Barclays Cuts Overdraft Fees From Criminal To Outrageous

BARCLAYS last night signalled a shake up in the banking industry by cutting its unauthorised overdraft fees from criminally immoral to sickeningly outrageous.

Britain's biggest bank said the development of new technology has allowed it to stop behaving like a common street thug absolutely all the time.

From next week customers who go beyond their overdraft limit will be charged just £8 each time the Barclays computer says 'no' to another computer.

A spokesman said: "Thanks to hi-tech innovation our computer can now say 'no' a lot faster than it used to.

"Before it used to go 'nnnnnnnnnnnooooooooooo', which would cost roughly £35 in computer time. Now it just goes 'nope', really quickly."

He added: "Anyone who says it only costs £2.50 for a computer to say 'no' obviously doesn't know very much about computers and stuff."

Meanwhile Barclays has reassured its shareholders that any lost revenue would be recouped, probably late at night in an alley, with the business end of a cricket bat.

The Daily Mash in your inbox
privacy

Power Of Thought Fails To Free Monkey From Terrifying Laboratory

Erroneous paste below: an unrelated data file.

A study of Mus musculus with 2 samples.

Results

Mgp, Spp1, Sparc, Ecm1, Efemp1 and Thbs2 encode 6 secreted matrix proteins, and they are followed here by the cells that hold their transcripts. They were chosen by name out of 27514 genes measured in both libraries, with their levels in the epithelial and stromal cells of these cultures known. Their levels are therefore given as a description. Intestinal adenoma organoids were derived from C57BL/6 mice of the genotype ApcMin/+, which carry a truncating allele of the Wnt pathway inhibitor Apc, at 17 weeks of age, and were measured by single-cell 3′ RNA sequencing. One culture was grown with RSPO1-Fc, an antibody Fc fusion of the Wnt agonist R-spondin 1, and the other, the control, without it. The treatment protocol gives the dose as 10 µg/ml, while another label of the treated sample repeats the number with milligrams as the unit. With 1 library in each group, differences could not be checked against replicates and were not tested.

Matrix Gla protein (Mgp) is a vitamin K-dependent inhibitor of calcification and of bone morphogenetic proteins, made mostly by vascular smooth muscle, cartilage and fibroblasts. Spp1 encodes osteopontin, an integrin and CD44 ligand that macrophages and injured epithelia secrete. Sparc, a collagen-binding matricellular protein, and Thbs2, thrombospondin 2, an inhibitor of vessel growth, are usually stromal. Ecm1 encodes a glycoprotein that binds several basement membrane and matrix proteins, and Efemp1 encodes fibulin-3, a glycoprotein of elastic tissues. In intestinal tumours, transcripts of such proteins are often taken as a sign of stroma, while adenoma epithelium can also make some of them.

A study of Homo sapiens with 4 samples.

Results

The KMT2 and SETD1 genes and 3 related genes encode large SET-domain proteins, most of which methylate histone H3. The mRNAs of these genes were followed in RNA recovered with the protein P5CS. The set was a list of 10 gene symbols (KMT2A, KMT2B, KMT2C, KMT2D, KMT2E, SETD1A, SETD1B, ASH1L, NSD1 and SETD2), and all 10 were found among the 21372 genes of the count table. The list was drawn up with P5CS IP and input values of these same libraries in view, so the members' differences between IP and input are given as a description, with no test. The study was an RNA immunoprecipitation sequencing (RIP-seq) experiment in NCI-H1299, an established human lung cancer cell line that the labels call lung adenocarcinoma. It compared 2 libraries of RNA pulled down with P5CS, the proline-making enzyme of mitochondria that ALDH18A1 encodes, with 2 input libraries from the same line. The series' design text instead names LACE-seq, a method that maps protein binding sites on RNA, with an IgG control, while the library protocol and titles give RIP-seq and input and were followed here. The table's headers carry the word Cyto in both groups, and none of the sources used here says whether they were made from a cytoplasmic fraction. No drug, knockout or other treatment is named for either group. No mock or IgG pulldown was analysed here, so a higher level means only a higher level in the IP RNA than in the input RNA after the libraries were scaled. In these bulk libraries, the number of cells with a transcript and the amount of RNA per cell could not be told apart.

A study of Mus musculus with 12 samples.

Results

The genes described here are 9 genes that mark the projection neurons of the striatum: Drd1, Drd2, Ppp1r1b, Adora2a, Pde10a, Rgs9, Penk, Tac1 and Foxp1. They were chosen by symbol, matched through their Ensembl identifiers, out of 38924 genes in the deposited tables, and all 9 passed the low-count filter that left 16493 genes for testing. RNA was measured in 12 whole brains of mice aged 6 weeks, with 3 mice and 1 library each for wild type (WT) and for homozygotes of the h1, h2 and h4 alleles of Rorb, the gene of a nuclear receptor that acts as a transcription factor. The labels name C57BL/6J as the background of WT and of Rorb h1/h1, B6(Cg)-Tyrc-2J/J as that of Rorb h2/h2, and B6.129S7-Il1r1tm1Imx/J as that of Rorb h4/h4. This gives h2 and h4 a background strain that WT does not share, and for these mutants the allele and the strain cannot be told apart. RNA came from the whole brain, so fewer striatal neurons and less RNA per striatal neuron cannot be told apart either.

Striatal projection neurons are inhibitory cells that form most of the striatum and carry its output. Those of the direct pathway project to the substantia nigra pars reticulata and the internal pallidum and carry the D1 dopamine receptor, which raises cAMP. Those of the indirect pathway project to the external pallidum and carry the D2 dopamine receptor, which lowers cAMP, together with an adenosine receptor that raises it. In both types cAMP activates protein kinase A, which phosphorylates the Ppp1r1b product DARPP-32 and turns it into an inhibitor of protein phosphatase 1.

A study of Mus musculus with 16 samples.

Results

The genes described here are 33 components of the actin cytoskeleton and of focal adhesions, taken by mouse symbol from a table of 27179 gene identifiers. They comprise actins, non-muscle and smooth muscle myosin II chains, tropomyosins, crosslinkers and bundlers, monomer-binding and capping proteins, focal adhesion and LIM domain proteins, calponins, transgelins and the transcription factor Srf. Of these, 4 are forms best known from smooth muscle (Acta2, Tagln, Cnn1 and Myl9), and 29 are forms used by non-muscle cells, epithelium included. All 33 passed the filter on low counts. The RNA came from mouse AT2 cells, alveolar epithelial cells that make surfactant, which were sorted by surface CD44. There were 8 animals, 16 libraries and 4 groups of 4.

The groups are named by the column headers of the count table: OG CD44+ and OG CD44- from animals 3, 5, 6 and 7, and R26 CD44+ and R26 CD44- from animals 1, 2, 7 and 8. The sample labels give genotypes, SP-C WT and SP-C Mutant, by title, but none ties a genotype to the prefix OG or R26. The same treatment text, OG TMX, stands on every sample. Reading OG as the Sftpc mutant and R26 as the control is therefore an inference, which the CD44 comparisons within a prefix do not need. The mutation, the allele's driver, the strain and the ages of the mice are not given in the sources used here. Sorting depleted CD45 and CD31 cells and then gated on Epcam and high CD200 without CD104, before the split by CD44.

A MONKEY has failed in its bid to escape from a laboratory using nothing but the power of thought.

Ian, a four year-old capuchin, attempted the telekinetic feat after using his thoughts to operate a robotic arm and feed himself a banana.

He said: "In case you were wondering – yes, having all those pointy electrodes rammed into your brain does hurt like a bastard.

"If it didn't, then why the fuck am I the one wearing the electric helmet?"

Anyway – after my excruciatingly painful success with the banana, my next thought was 'get this bloody thing off my head and unlock the door to the laboratory'. Thus far, no joy."

Ian added: "Oh and by the way, I'm not a huge fan of bananas – I was just absolutely starving.

"I actually prefer an oatcake with a wee bit of Cambozola. But it was nice of you to make that assumption. Racists."

Ian's banana eating feat has been hailed as a crucial step towards turning the special effects of Star Wars into reality.

Professor Henry Brubaker, of the Institute for Studies, said: "We're slowly getting to grips with the Force, but our light sabre is still a bit pathetic.

"It makes a great noise but it can barely cut through porridge."